Three Reasons Why DeMarcus Cousins' Return Is Exactly What Warriors Need

At the halfway point of the 2018-19 season, the Warriors were on pace for a 58-24 record. Most NBA franchises would be popping champagne over 58 wins — this isn't a "most franchises" situation.

That would be the worst mark for the Warriors since Steve Kerr became the head coach in 2014, and it indicates what a strange year it's been in the Bay Area. Golden State will once again contend for the No. 1 seed in the Western Conference, but injuries, clashes over playing style, an infamous on-court altercation and an uncertain offseason on the horizon have left the team with plenty of uncomfortable questions.


Here's why the return of the four-time All-Star couldn't have come at a better time.

DeMarcus Cousins fills the void at the center position.

With starter Damian Jones out for the season (torn pectoral), the Warriors are primarily relying on Kevon Looney at center. After a solid rookie year, Jordan Bell hasn't been nearly as effective. Clint Capela (29 points, 21 rebounds) and Jusuf Nurkic (27 points, 12 rebounds) dominated the paint in recent wins for the Rockets and Trail Blazers, pointing directly to the giant hole in Golden State's lineup.

The vaunted "Hamptons Five" (Stephen Curry, Klay Thompson, Andre Iguodala, Kevin Durant, Draymond Green) can still do damage with small ball, but the lack of a true big man has been glaring in specific matchups. Cousins won't be the same player after such a brutal injury, but even 75 to 80 percent of Cousins is an upgrade at the position.

Cousins is a terrific scorer at multiple levels (25.2 points per game in 2017-18), strong rebounder (12.9 rebounds), willing passer (career-high 5.4 assists) and decent defender (1.6 steals, 1.6 blocks) when fully engaged. If nothing else, he could physically challenge centers like Nurkic, Capela, Nikola Jokic and Steven Adams in a playoff series.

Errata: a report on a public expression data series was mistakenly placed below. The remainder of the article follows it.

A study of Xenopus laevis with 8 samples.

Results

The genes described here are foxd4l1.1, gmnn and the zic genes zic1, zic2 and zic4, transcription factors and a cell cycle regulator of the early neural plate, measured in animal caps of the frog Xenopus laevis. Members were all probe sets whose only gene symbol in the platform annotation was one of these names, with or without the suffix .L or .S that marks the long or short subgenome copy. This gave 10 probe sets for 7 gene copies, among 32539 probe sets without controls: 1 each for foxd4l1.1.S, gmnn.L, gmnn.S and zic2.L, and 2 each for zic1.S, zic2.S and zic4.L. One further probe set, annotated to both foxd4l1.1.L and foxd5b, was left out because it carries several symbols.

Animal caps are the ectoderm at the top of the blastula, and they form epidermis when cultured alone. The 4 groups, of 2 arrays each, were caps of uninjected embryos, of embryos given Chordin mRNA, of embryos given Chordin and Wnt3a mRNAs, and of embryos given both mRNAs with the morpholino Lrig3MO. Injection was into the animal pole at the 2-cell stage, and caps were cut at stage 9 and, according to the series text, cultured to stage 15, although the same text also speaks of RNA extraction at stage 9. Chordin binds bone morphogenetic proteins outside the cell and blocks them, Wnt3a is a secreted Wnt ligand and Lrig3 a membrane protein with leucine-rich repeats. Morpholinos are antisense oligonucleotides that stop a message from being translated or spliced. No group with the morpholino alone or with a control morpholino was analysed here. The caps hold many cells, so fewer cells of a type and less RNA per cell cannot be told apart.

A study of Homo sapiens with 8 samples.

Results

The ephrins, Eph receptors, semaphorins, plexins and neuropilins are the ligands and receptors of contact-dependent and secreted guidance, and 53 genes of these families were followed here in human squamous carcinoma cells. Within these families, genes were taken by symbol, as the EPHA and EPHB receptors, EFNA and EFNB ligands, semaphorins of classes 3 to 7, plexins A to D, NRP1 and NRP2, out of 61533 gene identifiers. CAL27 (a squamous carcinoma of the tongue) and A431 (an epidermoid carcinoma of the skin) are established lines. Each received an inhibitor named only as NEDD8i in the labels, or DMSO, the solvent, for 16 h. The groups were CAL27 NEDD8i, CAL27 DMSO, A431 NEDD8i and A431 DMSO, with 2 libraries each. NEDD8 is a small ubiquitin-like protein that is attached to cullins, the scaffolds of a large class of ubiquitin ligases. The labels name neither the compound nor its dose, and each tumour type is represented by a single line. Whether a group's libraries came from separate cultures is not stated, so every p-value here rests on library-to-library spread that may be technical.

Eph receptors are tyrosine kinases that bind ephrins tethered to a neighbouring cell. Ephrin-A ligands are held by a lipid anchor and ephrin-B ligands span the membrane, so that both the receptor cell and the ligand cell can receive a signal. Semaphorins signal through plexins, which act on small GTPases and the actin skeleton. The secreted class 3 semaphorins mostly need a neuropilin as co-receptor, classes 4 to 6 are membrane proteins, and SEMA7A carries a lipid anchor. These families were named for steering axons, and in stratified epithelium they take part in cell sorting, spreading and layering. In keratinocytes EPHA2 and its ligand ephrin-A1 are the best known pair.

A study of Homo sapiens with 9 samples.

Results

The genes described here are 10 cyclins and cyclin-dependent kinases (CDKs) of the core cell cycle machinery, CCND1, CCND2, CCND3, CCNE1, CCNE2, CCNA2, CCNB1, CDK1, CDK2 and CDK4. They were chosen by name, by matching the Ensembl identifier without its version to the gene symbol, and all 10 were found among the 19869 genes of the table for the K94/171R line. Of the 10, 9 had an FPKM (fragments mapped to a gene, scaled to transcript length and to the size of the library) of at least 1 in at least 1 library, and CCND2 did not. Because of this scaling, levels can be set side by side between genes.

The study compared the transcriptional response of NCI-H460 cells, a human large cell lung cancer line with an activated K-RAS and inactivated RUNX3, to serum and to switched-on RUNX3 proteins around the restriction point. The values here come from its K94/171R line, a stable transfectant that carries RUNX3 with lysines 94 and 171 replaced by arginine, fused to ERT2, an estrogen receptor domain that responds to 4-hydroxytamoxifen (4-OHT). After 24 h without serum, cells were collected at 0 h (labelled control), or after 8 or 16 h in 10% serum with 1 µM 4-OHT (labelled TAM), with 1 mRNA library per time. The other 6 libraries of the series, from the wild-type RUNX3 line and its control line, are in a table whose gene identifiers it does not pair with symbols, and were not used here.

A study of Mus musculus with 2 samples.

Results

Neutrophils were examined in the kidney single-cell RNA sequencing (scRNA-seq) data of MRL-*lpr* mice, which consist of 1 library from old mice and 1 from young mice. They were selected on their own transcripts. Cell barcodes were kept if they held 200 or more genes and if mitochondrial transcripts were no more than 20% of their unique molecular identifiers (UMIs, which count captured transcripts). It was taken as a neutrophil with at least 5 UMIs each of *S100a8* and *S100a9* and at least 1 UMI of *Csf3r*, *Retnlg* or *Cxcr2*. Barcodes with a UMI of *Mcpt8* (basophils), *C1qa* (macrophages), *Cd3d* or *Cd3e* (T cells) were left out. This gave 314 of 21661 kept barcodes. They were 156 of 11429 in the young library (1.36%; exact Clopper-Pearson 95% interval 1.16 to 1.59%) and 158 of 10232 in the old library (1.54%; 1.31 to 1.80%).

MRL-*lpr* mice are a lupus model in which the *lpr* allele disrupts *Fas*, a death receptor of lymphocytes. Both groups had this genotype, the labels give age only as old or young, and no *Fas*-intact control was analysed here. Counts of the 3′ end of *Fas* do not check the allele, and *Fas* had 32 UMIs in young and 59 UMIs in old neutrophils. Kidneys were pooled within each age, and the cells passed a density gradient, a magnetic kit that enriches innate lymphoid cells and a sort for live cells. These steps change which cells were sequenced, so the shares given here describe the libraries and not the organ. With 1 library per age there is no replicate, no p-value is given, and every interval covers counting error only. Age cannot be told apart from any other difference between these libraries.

However, it will be difficult for Cousins to stay on the floor if teams spread it out and force him to defend along the perimeter. This was an issue against the Rockets last season with James Harden often using Capela in screening actions, leaving Cousins frozen in no-man's land.

He won't log 32 minutes per game like he has throughout his career, but 20 to 25 minutes from Cousins at center is huge for this team — especially one of his struggling teammates.

Draymond Green could use some help in the frontcourt.

Let's be clear here. Green has not become a minus player. Golden State's defensive rating is still elite with him on the floor, and he is second in the NBA in Real Defensive Plus-Minus.

With that said, Green is just not the same guy. His shooting has cratered (41.9 percent from the field, 27.0 percent from 3-point range), allowing opposing defenses to completely abandon him. He hasn't attacked the basket with the same aggression, whether to score at the rim or create for others.

Insert Cousins, who is comfortable operating in the same areas as Green. Cousins can catch the ball at the top of the key, draw help on a drive and hit an open shooter in rhythm. 

On post-up opportunities, his size allows him to scan the entire floor for cutters.

Unlike Green, Cousins is capable of sealing and finishing with ease in the paint. Green establishes position to facilitate — Cousins establishes position to annihilate.

On the defensive end, Cousins (6-11, 270 pounds) should save Green (6-7, 230 pounds) from some of the wear and tear of banging with bigger bodies on a nightly basis. Green has been forced to eat up center minutes out of necessity, as Kerr noted in December, but Cousins should be able to ease the frontcourt burden in the second half of the season.

The Warriors need DeMarcus Cousins to bring a new kind of energy.

No one will cry for Golden State, but the weight of championship expectations and the grind of 82 regular-season games plus four rounds of playoff basketball ... that's a lot to handle. There's a serious physical, mental and emotional toll.

The highly publicized quarrel between Green and Durant stood out, but it's the little things that add up — that extra pass didn't come, that last jumper was forced, that dude is too close to my locker. This could be the final season NBA fans watch this version of the Warriors, and the coaching staff and players might be feeling it, too.

Cousins can be a rallying point for this team. The Warriors experience is new for him. His teammates can feed him the ball, cheer for him and praise him to the media. That's all positive energy, a break from the daily repetition of film sessions, practices and games.

"Boogie" won't be the best or most important player on the Warriors. He knew that when he signed on as a one-year rental. But he could be the player who comes along at the perfect time to keep a dynasty on the right path.